The new chairman of trustees at HEART Multi Academy Trust (MAT), David Hoare, has said the past few months of turmoil have given them a chance to create stronger relationships between them and parents and teachers.
Speaking to the Bedford Independent just after the announcement of his appointment, David added that “Bedford Pride” would also play a significant role in shaping education at HEART MAT schools.
HEART MAT has had a trying time over the past six months.
Parents were outraged when news broke in October last year that Trust managers and trustees were looking to restructure the staff and governors at Cauldwell, Sharnbrook and Shackleton Primary Schools.
The restructure would have seen an executive head teacher for all three schools appointed, replacing individual heads.
Governing bodies would also be removed and some other staff positions may also have been made redundant.
What followed were significant protests from parents resulting in a lengthy mediation process, supported by the Department for Education, rowdy public meetings and the resignations of the chairman of the board of trustees, Hanif Patel and Heart MAT CEO, Claire Smith.
This effectively halted the restructure plans.
Since then there has been a period of reflection on both sides. Under acting chair, Sue Clark, HEART MAT began looking for a new trustee chair and CEO, also speaking honestly about the mistakes made.
They admitted that lack of communication and transparency was the main factor in the way the restructure was received. They’ve now appointed a dedicated PR consultant to help them with this.
However, David says, while there were lessons learnt, he doesn’t want to dwell on the past too much and it’s what happens now that counts: “In order to be able to improve the educational standards in a town you need communities to come together…”
“This is a Trust with 2,500 students across four schools. To become really long-term successful, we need to make a really good job of developing educational standards with those pupils.
“That will take time, we need to get the right structures in place and get the right relationship with parent pupils teachers.”
But where would this lead? David says that once they’ve got how they run the three primaries and Bedford Academy sorted, then there may well be options for the Trust to expand.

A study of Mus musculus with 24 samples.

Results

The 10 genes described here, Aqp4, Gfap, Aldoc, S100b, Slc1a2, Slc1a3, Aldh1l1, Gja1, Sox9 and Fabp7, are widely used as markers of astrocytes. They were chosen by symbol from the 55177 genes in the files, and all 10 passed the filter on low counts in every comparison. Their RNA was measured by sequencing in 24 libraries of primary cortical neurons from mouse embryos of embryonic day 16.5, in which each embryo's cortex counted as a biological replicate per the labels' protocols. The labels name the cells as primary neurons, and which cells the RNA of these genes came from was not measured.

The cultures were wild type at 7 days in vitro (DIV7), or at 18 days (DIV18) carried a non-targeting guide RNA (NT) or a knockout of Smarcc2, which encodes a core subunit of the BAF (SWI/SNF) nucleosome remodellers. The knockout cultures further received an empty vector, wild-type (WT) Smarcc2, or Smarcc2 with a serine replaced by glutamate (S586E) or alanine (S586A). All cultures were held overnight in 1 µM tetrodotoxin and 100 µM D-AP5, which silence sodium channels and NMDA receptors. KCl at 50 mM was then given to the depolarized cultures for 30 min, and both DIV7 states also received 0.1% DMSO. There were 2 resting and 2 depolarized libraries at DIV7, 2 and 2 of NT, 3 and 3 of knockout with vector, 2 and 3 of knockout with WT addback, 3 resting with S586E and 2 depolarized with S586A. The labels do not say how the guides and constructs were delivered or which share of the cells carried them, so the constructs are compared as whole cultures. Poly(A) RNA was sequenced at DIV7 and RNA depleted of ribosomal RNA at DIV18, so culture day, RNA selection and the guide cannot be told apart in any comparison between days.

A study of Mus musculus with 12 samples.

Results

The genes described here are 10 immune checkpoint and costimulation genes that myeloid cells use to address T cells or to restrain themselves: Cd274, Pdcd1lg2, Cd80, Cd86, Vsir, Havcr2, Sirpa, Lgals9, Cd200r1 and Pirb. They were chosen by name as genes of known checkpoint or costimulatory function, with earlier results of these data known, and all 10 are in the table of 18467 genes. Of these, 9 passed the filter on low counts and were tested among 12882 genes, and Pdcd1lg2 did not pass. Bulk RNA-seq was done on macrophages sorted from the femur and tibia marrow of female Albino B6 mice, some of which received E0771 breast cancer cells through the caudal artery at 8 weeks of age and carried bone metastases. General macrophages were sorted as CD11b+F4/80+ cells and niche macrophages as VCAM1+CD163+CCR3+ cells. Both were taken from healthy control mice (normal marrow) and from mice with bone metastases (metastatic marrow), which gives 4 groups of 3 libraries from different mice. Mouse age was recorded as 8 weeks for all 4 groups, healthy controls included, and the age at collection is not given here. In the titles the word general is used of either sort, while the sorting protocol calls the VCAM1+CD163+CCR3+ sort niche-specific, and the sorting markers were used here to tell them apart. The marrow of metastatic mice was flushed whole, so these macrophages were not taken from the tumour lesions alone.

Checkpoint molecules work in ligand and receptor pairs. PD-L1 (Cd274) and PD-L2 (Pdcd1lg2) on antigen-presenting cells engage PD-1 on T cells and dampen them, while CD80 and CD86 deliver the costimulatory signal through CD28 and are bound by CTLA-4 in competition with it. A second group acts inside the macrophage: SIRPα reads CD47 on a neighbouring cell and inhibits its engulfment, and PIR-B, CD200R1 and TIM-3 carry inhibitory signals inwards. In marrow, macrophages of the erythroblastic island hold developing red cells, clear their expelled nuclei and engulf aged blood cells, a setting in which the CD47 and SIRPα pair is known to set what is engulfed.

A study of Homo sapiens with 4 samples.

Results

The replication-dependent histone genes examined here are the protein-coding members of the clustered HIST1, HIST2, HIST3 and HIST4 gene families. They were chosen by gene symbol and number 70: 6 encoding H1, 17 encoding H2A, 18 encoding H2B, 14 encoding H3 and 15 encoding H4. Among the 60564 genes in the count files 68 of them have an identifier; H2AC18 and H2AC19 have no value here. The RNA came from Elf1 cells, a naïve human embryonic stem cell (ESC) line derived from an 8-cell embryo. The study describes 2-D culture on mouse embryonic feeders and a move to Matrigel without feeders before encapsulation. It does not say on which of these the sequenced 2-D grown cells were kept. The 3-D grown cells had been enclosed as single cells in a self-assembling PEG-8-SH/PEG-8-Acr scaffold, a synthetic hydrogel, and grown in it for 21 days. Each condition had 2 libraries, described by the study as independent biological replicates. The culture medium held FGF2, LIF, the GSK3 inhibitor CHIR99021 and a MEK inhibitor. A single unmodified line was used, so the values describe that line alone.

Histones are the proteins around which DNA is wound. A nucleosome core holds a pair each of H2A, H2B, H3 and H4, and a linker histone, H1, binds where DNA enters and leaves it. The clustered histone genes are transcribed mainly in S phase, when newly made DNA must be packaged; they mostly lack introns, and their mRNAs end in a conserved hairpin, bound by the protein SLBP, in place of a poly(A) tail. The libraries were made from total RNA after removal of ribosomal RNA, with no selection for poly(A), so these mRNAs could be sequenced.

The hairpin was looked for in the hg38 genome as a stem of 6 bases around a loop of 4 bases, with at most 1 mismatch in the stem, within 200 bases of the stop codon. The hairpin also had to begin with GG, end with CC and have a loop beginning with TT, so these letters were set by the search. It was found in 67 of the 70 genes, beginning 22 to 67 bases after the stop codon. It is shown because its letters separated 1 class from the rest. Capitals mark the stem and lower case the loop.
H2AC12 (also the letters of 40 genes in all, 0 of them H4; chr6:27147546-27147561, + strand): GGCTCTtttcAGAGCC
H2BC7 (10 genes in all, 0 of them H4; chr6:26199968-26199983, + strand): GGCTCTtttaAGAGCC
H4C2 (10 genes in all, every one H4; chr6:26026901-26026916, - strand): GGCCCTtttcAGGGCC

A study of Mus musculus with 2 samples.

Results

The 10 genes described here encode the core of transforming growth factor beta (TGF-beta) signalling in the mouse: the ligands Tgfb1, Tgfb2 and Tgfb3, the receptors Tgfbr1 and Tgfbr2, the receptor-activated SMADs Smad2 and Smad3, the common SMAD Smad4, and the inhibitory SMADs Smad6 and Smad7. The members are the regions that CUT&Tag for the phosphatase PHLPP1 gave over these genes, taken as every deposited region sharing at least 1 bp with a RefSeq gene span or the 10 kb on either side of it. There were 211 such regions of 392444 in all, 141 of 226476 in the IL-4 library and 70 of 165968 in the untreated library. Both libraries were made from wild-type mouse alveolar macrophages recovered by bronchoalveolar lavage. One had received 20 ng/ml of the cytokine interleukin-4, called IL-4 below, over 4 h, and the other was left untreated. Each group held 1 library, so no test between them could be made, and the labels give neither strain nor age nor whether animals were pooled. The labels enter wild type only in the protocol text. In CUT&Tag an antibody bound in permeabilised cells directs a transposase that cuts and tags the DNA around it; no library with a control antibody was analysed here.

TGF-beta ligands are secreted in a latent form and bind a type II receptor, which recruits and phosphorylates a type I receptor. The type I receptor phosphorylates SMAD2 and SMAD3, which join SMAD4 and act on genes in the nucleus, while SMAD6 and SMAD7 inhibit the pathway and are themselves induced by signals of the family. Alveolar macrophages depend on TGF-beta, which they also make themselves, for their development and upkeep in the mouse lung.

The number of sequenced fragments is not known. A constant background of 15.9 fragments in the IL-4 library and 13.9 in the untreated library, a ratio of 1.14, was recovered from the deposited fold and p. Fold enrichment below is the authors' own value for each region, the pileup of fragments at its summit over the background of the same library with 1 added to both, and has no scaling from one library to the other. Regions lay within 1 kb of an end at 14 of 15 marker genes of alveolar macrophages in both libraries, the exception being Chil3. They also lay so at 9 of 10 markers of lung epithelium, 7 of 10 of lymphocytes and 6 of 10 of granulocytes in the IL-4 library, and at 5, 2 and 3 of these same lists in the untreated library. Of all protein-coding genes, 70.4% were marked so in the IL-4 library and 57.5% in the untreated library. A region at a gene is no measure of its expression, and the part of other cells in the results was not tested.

“I hope that other schools will say that being part of HEART MAT is something really good, not just really good for pupils, who are at the core of everything we do, but also for the teachers.”
And David says that can’t happen without the support and help of the parents: “I was really impressed when I heard about the concerns that parents had [over the restructure]…
“Parents need to be concerned [with how their children are educated] and if they’re worried they need to suggest that maybe some things are different. This is a partnership.
“We’re going to need to learn from the parents and similarly we need to help the parents as well to provide a really positive contribution in what we’re all interested in, which is to put the pupil at the centre.
“Everything we do we should ask is this good or bad for the young person, in an attempt to enormously improve their opportunities for life further on.”
The SSC (Shackleton Shortstown and Caldwell) Action Group, made up of parents campaigning against the now defunct restructures, say they’re looking forward to working closely with HEART MAT moving forward.
They will no doubt welcome David’s words and his experience and career to date give the sense that he certainly stands by what he says.
He’s a former chair of Ofsted, the Office for Standards in Education, Children’s Services and Skills is currently chair of the Teenage Cancer Trust (TCT).
In fact the morning we met was during the Teenage Cancer Trust’s annual week-long series of concerts at the Royal Albert Hall. Bedford’s very own Tom Grennan headlined the Wednesday night.
Briefly asking him about TCT, David’s passion for supporting young people could not be more clear.
He spoke about his personal connection to the charity dedicated to helping teenagers and young adults facing unthinkable challenges.
So does he believe he can use that passion to raise educational standards in Bedford that HEART MAT will be the TRUST they promised to be? His simple response: “If I thought that Heart MAT weren’t prepared to face the issues I wouldn’t be here.”